The Advanced Pain Discovery Platform (APDP) brings together the United Kingdom’s expertise, infrastructure and stakeholders in pain research to address areas of critical need. Our Pain Research focuses on what causes chronic pain, what can worsen it, and what prevents it from improving. Our mechanistic approach recognises the individuality of pain and what differs or is shared across diagnoses, along the life course, and across society. Advanced Pain Discovery Platform (APDP) brings together researchers investigating diverse themes essential for understanding and reducing the burden of pain. Further information about research by APDP members can be found through the hyperlinks on this page, and on the APDP networking site, including the report of APDP’s 1st Annual Conference that was held in Nottingham, UK, in 2023.
APDP Pain Research focus on causes, symptoms and treatment and our drive to find new ways to support those living with chronic and debilitating clinical conditions.
Bringing together data from multiple sources to answer big questions.
Data are everywhere, and our ability to learn from data increases year by year. Pain data are collected by researchers, commercial organisations, and healthcare providers, such as the United Kingdom’s National Health Service. ALLEVIATE, the APDP Data hub, links and curates datasets from diverse sources to shed new light on chronic pain problems. APDP researchers are interrogating these datasets to advance knowledge of how and why pain reports have increased over time (e.g. during the Covid-19 pandemic). Chronic pain is a bigger problem now than ever, and the APDP’s research is crucial and urgent.
Changes in the nervous system can cause long-lasting pain.
Nerves in our body, spinal cord and brain transmit pain signals when we encounter something that might injure us. When damage has been repaired, we want those nerves to become `quiet’ again. Sometimes nerves signal pain even after the threat of injury has gone away, leading to persistent, chronic pain. APDP (a,b) is investigating which chemicals in the body switch off pain signalling (c,d) and what can drive changes in the nervous system (e, f) that lead to ongoing signalling, even in the absence of injury or disease. We are investigating how injury affects brain function to cause chronic pain. Our research is developing tests for conditions such as fibromyalgia, where severe pain can persist without injury.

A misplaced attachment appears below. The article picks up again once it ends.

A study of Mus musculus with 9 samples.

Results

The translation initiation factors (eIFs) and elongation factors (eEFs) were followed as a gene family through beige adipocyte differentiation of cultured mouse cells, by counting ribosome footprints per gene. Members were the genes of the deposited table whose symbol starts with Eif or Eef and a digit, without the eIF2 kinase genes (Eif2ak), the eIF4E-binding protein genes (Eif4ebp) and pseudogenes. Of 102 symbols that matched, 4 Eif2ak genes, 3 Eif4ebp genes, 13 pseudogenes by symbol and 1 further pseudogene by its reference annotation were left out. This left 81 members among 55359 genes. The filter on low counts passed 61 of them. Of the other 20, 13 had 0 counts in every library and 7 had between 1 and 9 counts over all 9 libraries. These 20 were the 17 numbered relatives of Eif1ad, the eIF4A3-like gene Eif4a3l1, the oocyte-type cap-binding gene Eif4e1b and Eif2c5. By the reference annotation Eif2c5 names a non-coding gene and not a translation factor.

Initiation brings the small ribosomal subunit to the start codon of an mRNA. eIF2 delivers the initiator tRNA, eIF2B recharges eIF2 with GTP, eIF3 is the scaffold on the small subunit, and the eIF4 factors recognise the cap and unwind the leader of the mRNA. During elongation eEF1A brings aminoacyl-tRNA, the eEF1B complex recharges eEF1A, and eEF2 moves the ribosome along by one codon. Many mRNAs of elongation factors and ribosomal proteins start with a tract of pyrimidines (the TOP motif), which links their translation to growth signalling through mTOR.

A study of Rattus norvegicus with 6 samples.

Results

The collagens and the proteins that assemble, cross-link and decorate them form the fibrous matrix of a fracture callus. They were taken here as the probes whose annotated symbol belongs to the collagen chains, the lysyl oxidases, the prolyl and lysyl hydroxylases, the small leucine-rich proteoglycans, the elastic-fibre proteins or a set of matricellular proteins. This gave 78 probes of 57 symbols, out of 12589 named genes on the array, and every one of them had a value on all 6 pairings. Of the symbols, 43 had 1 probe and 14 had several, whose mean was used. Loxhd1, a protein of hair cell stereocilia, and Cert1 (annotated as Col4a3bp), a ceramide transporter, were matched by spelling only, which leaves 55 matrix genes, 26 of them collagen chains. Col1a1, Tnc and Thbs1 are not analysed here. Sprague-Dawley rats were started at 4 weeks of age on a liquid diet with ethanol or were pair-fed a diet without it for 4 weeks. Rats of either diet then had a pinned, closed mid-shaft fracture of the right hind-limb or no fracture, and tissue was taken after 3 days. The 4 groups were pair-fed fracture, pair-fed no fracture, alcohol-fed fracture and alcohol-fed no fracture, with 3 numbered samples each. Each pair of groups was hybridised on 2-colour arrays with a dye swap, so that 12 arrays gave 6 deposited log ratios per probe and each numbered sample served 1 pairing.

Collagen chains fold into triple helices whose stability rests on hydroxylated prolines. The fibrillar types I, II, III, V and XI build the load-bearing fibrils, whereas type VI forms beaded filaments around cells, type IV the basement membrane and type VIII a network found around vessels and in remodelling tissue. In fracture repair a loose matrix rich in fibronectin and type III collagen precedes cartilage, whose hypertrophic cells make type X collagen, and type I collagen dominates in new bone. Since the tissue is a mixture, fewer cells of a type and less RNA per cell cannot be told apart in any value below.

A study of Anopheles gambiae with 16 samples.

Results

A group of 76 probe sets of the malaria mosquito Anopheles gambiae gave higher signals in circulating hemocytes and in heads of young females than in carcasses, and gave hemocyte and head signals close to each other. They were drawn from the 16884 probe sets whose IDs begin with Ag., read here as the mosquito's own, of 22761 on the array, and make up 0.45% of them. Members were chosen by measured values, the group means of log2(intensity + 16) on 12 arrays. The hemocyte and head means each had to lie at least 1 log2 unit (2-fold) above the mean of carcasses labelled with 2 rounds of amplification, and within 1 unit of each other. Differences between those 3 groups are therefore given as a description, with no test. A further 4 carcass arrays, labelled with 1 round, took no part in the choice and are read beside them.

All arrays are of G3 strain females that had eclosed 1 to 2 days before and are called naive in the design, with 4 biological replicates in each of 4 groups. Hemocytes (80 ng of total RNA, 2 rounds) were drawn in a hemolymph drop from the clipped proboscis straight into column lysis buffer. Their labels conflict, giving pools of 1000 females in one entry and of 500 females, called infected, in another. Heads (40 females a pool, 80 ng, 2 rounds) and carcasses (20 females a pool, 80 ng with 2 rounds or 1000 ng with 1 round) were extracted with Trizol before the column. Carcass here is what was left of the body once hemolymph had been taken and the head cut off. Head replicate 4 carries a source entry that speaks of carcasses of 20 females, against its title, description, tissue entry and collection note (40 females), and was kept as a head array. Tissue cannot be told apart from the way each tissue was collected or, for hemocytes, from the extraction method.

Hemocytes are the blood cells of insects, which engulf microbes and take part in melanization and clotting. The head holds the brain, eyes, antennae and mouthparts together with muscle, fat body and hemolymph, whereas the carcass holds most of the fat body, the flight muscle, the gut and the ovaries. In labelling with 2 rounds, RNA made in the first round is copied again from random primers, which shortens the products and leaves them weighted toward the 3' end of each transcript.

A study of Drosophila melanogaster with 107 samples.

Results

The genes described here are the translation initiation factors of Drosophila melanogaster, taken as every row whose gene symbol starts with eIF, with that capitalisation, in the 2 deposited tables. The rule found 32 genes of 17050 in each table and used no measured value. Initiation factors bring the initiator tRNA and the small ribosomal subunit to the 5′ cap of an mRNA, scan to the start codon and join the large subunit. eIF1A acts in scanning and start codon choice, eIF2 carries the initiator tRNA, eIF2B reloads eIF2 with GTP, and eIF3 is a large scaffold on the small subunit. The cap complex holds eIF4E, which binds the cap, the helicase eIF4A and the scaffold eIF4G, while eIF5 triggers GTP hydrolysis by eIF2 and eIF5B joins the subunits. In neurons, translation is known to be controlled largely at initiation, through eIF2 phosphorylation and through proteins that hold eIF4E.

Pain is a personal experience that affects and is affected by people around us and by the society we live in.
APDP is transforming understanding of how people experience pain, what it means, how they feel about it, how it affects them, people around them, and society as a whole. The society contributes to but also can help solve the problems of pain. APDP investigates social diversity, including differences between men and women, diverse ethnic groups, and the effects of social deprivation, to help reduce inequalities. We study how pain affects families, friends and the workplace so that we can relieve the broader burden of pain.
Are some people pre-destined to suffer chronic pain?
APDP researchers are unravelling why some people develop chronic pain, whereas others might not. Genetic associations point to specific molecules in pain pathways that can either cause or switch off pain, molecules that might be amenable to new drugs that our research is helping to develop. APDP researchers are building a knowledge base to mitigate the effects of early life experiences (g,h) on subsequent pain. We are uncovering what puts an individual at risk of developing chronic pain so that it will be possible to reduce that risk in conditions as diverse as sciatica and chronic regional pain syndrome. We are developing ways to detect early changes in the nervous system, for example, during chemotherapy for cancer, so that those at risk of chronic pain can be identified and treated.
Why do treatments not work all of the time for everyone?
Pain is a group of diverse experiences with several underlying mechanisms. It affects different people differently and changes with time in any individual. APDP researchers are pushing forward understanding of the nature and causes of this diversity so that individuals can receive treatment at the right time and gain maximum benefit. By bringing together experts (scientists, patients, clinicians) in diverse medical conditions, we are increasing our understanding of what is unique and what is shared. We join together research on neuropathic (i,j,k) (damage or pathology in the nervous system), musculoskeletal (e.g. arthritis, low back pain), and visceral (l,m) (e.g. gynaecological) pain so that findings in one area accelerate new ways of treating others. We are studying how cells such as fibroblasts and immune cells, which play essential roles in maintaining health, can change during diseases such as osteoarthritis or after nerve injury to then cause pain.
Understanding and treating chronic pain using digital technology.
Rapid advances in digital technology present new ways to measure and treat chronic pain. Experts and people with lived experience of pain are working together within APDP to harness the potential of digital technology, using wearables to measure how pain affects activity and sleep and virtual reality tools to maximise the benefit of exercise therapies within the home.